January will see the start of the In-School Mentoring Program in 100 Mile House, a project of the Big Brothers Big Sisters of Williams Lake (BBBSWL), which earlier this year opened a South Cariboo branch office in 100 Mile House.
“It’s the first time we’ve offered the Mentoring Program in the South Cariboo,” says Kira Mitchell, the local mentoring co-ordinator.
“The focus is on healthy relationships, healthy boundaries, and trust, and encourages younger children to speak up when something seems wrong.”
The program will see grade 9-12 students from Peter Skene Ogden Secondary School (PSO) mentor students at 100 Mile House Elementary School.
While students from kindergarten to Grade 7 are eligible to take part, Mitchell says the greatest initial need has been from students in grades 5–7.
“Referrals come from the teachers and the principal based on their knowledge and understanding of the students.”
The PSO mentors are all volunteers, and must go through an application process, get parental consent, and provide three references before they can begin training.
The one-on-one mentoring, which takes place at the elementary school during school hours, consists of a one-hour session each week.
Mitchell has had 10 volunteer mentors from the PSO so far.
“We try to match students based on compatibility, similar interests and personalities. The focus is on the mentees, who can be any child struggling with social skills or self-esteem, or who lacks community or family connections.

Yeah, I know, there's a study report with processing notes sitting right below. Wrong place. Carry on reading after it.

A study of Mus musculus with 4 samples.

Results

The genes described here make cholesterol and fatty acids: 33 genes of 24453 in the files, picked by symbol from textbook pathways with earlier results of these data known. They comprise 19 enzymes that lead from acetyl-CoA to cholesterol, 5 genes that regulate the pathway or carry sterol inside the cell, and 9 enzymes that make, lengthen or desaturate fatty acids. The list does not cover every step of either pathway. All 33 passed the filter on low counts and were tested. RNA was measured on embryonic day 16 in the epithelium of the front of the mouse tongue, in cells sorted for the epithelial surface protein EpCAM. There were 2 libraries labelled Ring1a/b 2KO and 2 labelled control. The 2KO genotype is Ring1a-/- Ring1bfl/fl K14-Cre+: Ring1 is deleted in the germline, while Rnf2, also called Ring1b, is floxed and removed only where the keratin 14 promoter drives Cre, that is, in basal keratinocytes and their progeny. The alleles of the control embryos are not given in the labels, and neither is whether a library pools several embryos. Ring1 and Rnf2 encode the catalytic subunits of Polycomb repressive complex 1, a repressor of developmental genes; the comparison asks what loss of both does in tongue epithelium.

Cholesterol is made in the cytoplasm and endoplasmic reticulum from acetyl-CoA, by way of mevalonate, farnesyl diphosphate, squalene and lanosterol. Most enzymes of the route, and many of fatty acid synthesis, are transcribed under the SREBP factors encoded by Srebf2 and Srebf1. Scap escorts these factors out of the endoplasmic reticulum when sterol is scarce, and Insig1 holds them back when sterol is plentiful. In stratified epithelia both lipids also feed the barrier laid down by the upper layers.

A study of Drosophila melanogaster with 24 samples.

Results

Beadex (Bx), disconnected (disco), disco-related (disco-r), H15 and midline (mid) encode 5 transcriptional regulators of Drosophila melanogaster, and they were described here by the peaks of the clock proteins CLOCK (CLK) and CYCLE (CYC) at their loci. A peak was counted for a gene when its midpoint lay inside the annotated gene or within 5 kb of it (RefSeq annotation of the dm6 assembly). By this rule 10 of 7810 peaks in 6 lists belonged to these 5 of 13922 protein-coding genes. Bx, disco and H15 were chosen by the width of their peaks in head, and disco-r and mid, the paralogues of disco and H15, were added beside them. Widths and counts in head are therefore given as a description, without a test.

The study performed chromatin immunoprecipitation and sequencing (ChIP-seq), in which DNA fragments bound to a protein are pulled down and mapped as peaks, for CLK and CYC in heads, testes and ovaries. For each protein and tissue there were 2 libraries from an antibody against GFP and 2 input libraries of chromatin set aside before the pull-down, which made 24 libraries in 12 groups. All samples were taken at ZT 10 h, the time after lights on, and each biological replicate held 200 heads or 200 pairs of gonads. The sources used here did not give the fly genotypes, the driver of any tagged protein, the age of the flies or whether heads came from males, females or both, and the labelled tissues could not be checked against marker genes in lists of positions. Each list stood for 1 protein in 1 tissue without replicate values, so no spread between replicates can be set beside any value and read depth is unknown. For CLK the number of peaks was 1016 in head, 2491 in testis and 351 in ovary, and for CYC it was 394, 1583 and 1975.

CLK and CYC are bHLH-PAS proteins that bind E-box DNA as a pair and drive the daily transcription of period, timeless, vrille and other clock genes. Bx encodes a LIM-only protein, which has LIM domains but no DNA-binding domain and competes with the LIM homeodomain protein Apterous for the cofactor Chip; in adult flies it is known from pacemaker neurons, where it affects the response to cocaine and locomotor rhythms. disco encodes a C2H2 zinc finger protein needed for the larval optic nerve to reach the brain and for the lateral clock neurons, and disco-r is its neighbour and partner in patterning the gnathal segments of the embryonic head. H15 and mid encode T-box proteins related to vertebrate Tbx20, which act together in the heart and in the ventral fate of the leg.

“They have a special friend there just for them, someone to talk to.”
The mentors also get a lot out of the program, Mitchell explains.
“It’s an opportunity to build their self-esteem and mentorship skills, and be a positive role model. They also feel a sense of belonging in a new and exciting venture, and become a part of the community.”
Mitchell says she hopes to have 20 mentors by the end of the school year, and is looking for volunteers from the cadets, youth groups, the Wranglers hockey team and Thompson Rivers University.
The program is produced in partnership with the United Way, and Mitchell is meeting with local businesses to promote the annual profit-sharing campaign and to look for donations.
“The program gives the mentees someone who’s there just for them, and models healthy relationships. It’s a great thing for children who are on the brink of success.”